Donzaleigh Abernathy calls for love amidst a world of hate


Abigail Troth

Donzaleigh Abernathy during the Armstrong-Branch Lecture Series.

With a message of anti-violence and love, Donzaleigh Abernathy came to the University of Southern Mississippi for the 30th Annual Armstrong-Branch Lecture Series.

Donzaleigh Abernathy is the daughter of Rev. Ralph Abernathy, one of the founders of the American Civil Rights Movement. Alongside that, she is also the goddaughter of the Rev. Dr. Martin Luther King, Jr. During the lecture, Abernathy discussed her experiences with the Civil Rights Movement and what it was like to experience the movement firsthand. 

Abernathy discussed the origins of the movement, and how her father met Dr. King. Through mentorship and honor, Dr. King and Rev. Abernathy became two close friends that inspired Abernathy’s own life. 

Abernathy told the story of how her home was bombed shortly before her birth as a result of racism and prejudice towards her father. While those in the home escaped with their lives, the effect proved that they could not slow down the battle to defend equal rights. Abernathy watched firsthand as her family traveled to Washington, D.C. for the infamous Civil Rights March on Washington in August 1963, where Dr. King delivered his famous “I Have a Dream” Speech. One year after this speech and march, President Lyndon B. Johnson signed the Civil Rights Act of 1964 into law. 

Even after this famous speech, the fight was still not over. Abernathy even recalled her experience at the notorious Selma to Montgomery March in March 1965, where Black people marched to earn the constitutional right to vote. She walked close to her father and her Uncle Martin (as she called him), and stood hand-in-hand with her siblings. The Selma to Montgomery March was a turning point in the Civil Rights Movement, as it later led to President Johnson passing the Voting Rights Act of 1965.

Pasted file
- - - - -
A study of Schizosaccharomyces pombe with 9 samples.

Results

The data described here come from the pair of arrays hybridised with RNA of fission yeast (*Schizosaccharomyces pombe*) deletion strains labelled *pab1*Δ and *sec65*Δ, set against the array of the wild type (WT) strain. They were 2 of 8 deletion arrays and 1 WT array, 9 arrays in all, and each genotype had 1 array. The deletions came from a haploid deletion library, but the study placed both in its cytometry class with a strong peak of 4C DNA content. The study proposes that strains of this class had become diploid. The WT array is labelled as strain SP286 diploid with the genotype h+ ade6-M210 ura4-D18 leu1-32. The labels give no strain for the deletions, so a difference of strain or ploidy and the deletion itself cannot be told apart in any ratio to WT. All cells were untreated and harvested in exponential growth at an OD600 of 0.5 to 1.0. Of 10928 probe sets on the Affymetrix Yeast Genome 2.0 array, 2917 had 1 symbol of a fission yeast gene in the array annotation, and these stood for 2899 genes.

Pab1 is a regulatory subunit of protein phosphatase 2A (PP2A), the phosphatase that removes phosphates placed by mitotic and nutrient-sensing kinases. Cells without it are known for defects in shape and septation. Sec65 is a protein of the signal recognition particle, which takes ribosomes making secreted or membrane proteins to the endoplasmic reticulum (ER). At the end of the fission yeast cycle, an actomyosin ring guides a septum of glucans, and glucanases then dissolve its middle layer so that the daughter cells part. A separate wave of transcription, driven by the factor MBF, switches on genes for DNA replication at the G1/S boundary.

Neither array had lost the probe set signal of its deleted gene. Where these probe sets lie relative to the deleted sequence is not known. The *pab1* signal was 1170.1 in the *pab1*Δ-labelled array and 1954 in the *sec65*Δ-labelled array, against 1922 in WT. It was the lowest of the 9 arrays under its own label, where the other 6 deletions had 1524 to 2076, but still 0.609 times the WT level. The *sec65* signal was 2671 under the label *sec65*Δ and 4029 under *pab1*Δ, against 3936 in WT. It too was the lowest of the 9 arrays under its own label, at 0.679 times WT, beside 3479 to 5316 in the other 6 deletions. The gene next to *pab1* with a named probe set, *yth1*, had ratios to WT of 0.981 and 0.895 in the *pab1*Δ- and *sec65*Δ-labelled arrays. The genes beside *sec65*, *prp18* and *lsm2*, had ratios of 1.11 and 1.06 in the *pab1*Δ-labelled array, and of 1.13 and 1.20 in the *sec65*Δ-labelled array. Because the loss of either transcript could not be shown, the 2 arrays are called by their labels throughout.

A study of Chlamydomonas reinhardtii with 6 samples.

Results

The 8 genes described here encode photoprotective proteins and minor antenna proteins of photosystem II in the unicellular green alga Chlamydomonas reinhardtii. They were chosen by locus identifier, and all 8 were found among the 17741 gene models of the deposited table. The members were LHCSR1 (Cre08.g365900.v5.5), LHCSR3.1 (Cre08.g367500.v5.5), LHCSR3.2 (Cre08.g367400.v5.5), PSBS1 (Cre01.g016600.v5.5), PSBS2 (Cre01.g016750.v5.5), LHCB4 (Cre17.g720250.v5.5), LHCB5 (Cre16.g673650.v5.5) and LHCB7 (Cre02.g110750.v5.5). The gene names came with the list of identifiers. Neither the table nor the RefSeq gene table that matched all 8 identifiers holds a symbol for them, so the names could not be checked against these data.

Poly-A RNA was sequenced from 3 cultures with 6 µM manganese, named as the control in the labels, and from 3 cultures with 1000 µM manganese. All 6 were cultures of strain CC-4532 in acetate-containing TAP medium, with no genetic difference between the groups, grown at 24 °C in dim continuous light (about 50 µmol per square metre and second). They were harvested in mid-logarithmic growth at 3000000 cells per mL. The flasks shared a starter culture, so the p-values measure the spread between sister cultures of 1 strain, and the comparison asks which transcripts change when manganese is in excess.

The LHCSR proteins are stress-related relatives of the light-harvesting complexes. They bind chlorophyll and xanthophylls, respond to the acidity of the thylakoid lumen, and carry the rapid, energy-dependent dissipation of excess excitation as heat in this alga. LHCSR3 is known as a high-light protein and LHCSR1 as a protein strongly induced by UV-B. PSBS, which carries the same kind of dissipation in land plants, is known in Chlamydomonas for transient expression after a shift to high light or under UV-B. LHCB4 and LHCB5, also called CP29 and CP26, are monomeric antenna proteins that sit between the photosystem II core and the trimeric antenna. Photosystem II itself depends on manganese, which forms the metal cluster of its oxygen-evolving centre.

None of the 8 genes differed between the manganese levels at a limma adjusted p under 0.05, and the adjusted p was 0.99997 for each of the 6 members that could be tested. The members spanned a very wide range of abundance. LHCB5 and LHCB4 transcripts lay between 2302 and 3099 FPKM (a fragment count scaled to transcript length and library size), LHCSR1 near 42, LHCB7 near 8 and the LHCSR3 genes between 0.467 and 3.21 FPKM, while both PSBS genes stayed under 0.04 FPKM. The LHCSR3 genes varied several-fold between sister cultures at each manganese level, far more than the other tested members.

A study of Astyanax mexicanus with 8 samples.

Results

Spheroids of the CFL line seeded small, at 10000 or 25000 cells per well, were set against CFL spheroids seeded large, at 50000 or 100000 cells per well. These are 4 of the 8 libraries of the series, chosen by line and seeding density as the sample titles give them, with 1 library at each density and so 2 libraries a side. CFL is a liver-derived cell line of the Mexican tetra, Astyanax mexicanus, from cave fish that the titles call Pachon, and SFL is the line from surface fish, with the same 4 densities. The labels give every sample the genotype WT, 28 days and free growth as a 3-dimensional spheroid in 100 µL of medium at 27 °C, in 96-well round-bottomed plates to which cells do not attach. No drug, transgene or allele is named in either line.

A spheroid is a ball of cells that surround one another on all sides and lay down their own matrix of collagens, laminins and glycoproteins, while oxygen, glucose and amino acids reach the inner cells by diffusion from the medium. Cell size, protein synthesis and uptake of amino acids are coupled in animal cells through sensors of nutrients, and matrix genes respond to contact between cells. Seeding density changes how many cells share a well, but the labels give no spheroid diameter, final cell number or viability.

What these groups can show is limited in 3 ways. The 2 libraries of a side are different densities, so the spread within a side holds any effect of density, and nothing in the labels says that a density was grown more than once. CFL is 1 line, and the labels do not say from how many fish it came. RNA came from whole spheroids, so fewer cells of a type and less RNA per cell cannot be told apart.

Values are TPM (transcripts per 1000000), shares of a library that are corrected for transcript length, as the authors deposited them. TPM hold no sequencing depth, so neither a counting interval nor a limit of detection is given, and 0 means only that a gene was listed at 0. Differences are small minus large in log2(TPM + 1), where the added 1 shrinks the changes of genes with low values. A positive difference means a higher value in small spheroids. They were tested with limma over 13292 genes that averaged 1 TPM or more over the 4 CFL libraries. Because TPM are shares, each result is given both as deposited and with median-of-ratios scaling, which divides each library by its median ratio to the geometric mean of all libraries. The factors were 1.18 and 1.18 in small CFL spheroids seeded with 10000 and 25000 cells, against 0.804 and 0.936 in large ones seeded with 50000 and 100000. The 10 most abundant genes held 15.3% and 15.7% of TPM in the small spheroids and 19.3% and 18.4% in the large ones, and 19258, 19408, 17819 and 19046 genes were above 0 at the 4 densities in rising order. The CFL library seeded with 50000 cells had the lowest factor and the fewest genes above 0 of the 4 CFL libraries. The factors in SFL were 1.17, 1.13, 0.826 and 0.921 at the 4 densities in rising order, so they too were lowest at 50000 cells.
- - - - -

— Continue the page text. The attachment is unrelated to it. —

Abernathy (in the striped sweater on the far left) walks in the Selma to Montgomery March alongside her siblings and Dr. King, who is standing in the middle wearing a hat.

While Abernathy told these stories, she still delivered one message above all: love. “It’s a long road that we’ve gone down, but it’s not over. There’s a division in America today, and it’s time for a reconciliation.” said Abernathy during the lecture. 

During the lecture, Abernathy explained the story of how she found peace amongst those who had treated her poorly for the color of her skin, and how she even developed a deep relationship with Peggy Wallace, daughter of former Alabama governor and known segregationist George Wallace. 

“Tears started streaming down my face because the power of forgiveness is something great. If my dad could forgive George Wallace, who am I to say that I can’t forgive?” Abernathy said about Peggy Wallace. 

Despite the hate that Abernathy acknowledged exists in this world, she still refuses to express hate or violence. Abernathy fondly recalls her father and Dr. King’s love throughout the messages she teaches to the world. 

Even in places like Mississippi, where blatant hate could be so prevalent, Abernathy knew that there is still love and honor to be recognized in this state. Mississippi had a hefty role in the Civil Rights Movement, and Abernathy recognized the importance of being in such a state. 

“It was tremendous. It was huge. It’s Mississippi, and so much happened in Mississippi, so I thought it was more important than ever. I had a come-to-Jesus moment within my soul. I mean, I’m honored.” Abernathy said. 

At the end of her lecture, Abernathy continued to enforce a lesson of love in this world, and admitted that we cannot stop the fight for equality. She recognized that we are all human, and therefore must not turn on each other. 

“What can you do? What are you going to do? We need a healing in America right now. We need a healing going on in the Heartland. We need a healing going on in Mississippi.” 

Abernathy believes that there is not enough hate in this world to stop the battle for equality for the oppressed. Even in a world with hateful speakers such as Kanye West (who Abernathy quickly expressed her opinions for), the fight for an equal world full of love for all cannot slow down. 

“But it’s on you all. Do your part, Mississippi. Do your part, Hattiesburg. I’m counting on you.”